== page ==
St. Agnes Stands With Bellaire High School
The first school shooting of the year happened in my neighborhood, at a school not far from my house.
I came home, hearing a helicopter flying over my neighborhood. I could hear sirens in the distance, and I wondered what was going on as I stepped off the metro, turning to walk home.
The moment I opened the door to my house, my siblings ran up to me, pulling me inside. “You’re not supposed to go outside right now, it could be dangerous,” my sister started. “Did you hear about what happened? It’s crazy,” my brother continued, as they told me what they had heard. “Our school was on lockdown, I want to make sure my friends are ok,” my sister finished.
My mind drifted and I felt a million different thoughts flood in. My sister and brother went to St. Thomas Episcopal, just down the street. I went there for middle school. Were my friends ok? I knew people at Bellaire. One of my friends lived within walking distance from the high school. Was it even safe to be in the neighborhood at this time? I felt like I was in a horror story.
I reached for my phone, starting to text my friends about what had happened. I had only heard about school shootings on the news, never expecting something like this to happen in my neighborhood that I had grown up in. I drove by Bellaire High School every week. I took the metro bus, not far from the high school with my friends after school. Was anyone taking it now? Would they be ok? Did they even know what had happened?
As the night went on, I constantly checked the news, hoping for an update on what happened. When I went back to school the next day, it was all I could think about, and I knew I wasn’t the only person at St Agnes feeling this way.
Olivia Trask (‘22) said that when she heard about this, she felt sad and angry that this was happening so frequently in our country. “Bellaire is a major school in Houston, that a lot of us live close by to. Our country needs to make it a priority to stop this from happening, because too many innocent lives have been lost, and students should be able to feel safe at school.” Olivia said that though she doesn’t live close to the high school, she has friends from her middle school that go there, and she has been to Bellaire for debate tournaments as well.
Later that week, we wore red ribbons to show support to the students at Bellaire High School. On VTV, the student broadcasting system, Student Body Presidents Izzie Agee (‘20) and Claire Nadira (‘20) explained the significance of the ribbons, honoring Cesar Cortes.
The next morning, I sat in a classroom with Izzie and Claire, making a banner reading “St. Agnes stands with Bellaire” to let everyone sign. Making an announcement to the school about it on Thursday VTV, I explained that the poster would be in the student commons, for anyone to sign to show their support. We would drop it off at Bellaire early next week.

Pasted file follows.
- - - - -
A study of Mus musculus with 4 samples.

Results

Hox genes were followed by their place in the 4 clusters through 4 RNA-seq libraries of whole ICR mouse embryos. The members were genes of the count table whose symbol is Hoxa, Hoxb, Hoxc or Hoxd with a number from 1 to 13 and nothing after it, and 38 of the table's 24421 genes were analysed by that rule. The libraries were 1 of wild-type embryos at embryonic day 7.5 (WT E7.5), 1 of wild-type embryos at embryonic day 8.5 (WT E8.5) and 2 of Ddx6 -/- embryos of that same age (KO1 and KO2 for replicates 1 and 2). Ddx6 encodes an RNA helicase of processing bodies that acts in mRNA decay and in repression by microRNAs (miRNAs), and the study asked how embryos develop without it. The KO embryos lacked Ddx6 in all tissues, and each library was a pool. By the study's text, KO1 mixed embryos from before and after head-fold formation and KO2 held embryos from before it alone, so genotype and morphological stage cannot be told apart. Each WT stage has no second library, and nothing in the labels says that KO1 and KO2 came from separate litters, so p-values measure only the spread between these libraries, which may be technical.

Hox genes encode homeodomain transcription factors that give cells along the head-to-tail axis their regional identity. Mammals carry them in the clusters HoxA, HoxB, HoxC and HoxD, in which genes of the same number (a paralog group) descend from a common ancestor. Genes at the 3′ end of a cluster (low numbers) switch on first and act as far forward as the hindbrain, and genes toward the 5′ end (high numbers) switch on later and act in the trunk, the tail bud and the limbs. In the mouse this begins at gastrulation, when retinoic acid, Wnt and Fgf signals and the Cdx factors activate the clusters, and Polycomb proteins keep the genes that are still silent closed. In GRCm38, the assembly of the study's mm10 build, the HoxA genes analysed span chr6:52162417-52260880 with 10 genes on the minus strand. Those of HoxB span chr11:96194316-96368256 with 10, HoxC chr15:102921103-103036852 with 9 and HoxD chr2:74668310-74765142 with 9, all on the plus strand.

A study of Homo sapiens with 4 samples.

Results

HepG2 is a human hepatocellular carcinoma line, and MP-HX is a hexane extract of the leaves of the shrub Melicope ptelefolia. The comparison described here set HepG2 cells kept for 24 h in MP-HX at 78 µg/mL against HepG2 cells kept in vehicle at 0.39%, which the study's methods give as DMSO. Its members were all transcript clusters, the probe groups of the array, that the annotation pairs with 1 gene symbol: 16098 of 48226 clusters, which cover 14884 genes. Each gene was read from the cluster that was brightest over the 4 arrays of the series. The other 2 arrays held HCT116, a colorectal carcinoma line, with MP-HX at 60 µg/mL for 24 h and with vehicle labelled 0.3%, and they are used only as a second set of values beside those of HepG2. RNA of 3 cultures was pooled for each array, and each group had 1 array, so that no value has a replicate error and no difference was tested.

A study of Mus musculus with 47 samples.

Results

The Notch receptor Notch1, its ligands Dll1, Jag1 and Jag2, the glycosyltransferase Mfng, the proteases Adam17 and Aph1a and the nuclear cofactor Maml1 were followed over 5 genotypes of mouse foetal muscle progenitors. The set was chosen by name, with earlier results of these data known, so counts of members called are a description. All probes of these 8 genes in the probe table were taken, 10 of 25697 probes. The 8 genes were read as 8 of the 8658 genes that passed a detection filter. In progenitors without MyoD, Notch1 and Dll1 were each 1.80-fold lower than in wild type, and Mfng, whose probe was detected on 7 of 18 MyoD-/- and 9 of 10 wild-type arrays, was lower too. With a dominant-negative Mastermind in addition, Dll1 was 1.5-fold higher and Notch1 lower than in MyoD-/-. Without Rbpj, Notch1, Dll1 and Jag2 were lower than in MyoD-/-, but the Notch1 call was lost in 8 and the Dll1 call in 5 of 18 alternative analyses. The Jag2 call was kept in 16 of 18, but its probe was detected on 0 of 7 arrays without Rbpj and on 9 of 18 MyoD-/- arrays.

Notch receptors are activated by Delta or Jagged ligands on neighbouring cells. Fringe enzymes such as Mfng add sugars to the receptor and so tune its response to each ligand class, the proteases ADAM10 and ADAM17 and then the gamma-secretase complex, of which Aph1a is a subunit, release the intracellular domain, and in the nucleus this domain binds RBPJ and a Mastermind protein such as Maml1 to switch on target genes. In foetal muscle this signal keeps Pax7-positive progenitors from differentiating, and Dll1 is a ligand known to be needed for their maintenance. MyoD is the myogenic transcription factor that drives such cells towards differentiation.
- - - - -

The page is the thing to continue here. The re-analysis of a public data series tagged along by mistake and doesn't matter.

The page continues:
Vittoria Ascione (‘22), thought that wearing ribbons was a necessary gesture, because it was important to show support to the school and show our respect. “Even though it won’t change what happened, it will help students realize that they’re not alone, and they have support from students around Houston.”
This past Wednesday, Claire and I delivered the poster to Bellaire. We met with Chris Woodard (‘20), the Student Body President of Bellaire High School. He believes that this poster will have a very positive effect on the students at Bellaire. “It will let students and teachers know that Bellaire isn’t alone in our stance towards the incident. Recently, several of us at Bellaire have felt a disconnection between the students and administration from Bellaire and HISD. Knowing that other schools are supporting our recovery is really reassuring.” Chris said that the poster would be put up in the main office, or maybe in the library where Cesar Cortez’ memorial is located.
In times like this, we are all students. No matter what race, gender, no matter what school we go to, it is important for us to take a stand on something that impacted our community so much. Our hearts go out to the family of Cesar Cortez, as well as all of the students and teachers in Bellaire that were affected in this tragedy, as we remember you in our prayers.
Want more buzz like this? Sign up for our Morning Buzz emails.
To leave a comment, please log in or create an account with The Buzz Magazines, Disqus, Facebook, Twitter or Google+. Or you may post as a guest.